The Lebanese Government opened the first oil and gas licensing round for offshore drilling and exploration in the east Mediterranean on 30 April.

Caretaker Energy Minister Gebran Bassil was quoted by The Daily Star, a Beirut-based pan-Middle East newspaper, as saying: "The energy minister is authorized to extend the bidding period [for a duration of time] equal to the time lost, if the two decrees are not issued by the Cabinet before [September] 2."

The decrees, which demarcate the ten offshore exploration blocks and form a revenue-sharing model, have to be passed by the Cabinet before any contracts are awarded.

Around 46 international energy firms prequalified in the beginning of April to bid for offshore hydrocarbon exploration contracts in the country.

Bassil said there will be a consultation phase until September, where the prequalified companies can confer with the government about the blocks they are interested in bidding for. The minister said that during the first phase, all the blocks will be open for bidding, while the Petroleum Administration will reduce the number of blocks and ultimately award only four blocks.

"Around 46 international energy firms prequalified in the beginning of April to bid for offshore hydrocarbon exploration contracts."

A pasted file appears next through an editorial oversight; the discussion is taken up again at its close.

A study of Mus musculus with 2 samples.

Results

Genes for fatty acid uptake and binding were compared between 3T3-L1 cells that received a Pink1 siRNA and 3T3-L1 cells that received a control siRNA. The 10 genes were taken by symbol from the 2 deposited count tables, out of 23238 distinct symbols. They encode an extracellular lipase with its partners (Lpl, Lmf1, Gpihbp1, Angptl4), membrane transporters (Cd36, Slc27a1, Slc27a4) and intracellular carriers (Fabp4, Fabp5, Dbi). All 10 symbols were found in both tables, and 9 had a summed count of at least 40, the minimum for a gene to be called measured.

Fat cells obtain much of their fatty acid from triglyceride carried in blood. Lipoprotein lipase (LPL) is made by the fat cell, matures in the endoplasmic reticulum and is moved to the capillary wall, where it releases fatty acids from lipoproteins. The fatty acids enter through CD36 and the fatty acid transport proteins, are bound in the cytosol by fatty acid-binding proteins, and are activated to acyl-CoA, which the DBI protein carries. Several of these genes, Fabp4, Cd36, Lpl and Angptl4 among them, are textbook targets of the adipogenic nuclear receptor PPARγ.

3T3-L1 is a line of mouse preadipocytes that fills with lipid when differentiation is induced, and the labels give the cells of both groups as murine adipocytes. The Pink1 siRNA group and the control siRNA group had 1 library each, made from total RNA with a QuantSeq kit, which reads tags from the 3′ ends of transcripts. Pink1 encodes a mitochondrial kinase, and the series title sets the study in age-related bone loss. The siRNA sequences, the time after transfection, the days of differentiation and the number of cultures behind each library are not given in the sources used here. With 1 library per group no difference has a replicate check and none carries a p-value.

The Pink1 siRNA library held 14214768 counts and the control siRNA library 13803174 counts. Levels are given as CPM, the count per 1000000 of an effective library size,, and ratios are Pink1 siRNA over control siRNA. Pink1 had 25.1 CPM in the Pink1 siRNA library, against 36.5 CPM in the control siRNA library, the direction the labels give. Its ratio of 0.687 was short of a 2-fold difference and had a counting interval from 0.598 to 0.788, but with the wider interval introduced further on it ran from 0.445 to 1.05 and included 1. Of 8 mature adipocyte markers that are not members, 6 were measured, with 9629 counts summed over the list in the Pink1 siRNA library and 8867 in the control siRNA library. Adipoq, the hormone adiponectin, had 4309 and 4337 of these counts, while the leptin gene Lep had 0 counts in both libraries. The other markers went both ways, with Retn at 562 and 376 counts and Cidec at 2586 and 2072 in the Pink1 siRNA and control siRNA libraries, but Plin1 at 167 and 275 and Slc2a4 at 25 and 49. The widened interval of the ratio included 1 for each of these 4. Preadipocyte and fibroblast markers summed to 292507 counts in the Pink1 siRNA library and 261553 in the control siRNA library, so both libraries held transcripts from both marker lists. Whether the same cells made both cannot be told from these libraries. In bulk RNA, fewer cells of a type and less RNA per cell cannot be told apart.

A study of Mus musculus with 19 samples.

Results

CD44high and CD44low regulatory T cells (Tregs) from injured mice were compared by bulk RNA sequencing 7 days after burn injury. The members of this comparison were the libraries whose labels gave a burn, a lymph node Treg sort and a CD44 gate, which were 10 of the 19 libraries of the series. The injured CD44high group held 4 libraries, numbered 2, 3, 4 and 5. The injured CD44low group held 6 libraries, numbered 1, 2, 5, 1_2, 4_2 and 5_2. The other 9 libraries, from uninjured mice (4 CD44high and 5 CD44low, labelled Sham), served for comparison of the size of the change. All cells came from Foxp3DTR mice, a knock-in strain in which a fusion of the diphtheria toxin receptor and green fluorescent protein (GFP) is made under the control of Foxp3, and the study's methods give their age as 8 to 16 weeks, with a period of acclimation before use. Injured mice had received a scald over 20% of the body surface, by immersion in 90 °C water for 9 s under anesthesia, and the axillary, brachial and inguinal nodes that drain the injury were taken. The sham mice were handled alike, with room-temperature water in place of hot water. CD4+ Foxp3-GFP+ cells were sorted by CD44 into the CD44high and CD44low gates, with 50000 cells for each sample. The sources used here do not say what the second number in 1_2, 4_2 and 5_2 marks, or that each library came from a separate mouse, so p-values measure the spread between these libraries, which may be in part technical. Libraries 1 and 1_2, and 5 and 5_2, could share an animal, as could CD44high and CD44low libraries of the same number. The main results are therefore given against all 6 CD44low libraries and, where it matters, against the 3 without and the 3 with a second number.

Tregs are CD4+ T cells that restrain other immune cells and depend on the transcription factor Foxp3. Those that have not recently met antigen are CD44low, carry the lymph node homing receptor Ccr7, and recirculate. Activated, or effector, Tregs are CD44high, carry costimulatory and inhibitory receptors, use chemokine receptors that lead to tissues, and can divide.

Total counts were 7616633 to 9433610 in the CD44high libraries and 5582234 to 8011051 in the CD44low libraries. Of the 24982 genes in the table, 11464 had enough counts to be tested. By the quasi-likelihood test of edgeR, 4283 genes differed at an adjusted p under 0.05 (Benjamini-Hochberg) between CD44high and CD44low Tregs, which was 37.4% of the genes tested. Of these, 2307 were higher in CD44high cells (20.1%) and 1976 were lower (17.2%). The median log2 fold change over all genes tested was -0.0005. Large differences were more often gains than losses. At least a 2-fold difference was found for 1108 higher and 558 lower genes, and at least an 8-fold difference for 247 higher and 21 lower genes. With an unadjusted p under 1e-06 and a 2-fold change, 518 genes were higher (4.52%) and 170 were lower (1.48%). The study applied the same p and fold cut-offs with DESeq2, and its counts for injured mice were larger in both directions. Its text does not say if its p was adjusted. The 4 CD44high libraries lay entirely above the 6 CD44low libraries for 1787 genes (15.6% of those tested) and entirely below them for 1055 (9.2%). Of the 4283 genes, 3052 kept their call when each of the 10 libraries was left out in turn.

Petroleum Administration head, Assem Abou Ibrahim, was quoted by the publication as saying the government has limited the first round to four blocks to improve the state’s position in future negotiations with oil and gas firms.

Energy expert, Rudi Baroudi, said: "The existence of oil and gas needs to be verified. Drilling offshore exploratory wells is the only way to test hydrocarbon potential in the Lebanese Basin."

"Several identified prospects could be small in size, in deepwater locations, and would be uneconomic to drill and operate unless production from several nearby fields is combined," Baroudi added.

Lebanon has decided to demarcate relatively large blocks, ranging from 1,259km to 2,374km, based on a scientific approach to consider the high risk environment.

Lebanese administrative member Wissam Shbat said: "We are dealing with a case where drilling might happen to depths exceeding 2,000 metres and where the discovery of wells could cost well above $120m."

Seismic surveys have showed high prospects of oil discoveries off Lebanon’s coast, which were estimated to be around 145 million barrels of oil, in addition to natural gas.

Image: Lebanon plans to open ten offshore exploration blocks during the first phase of bidding and award four blocks. Photo courtesy of Heretiq.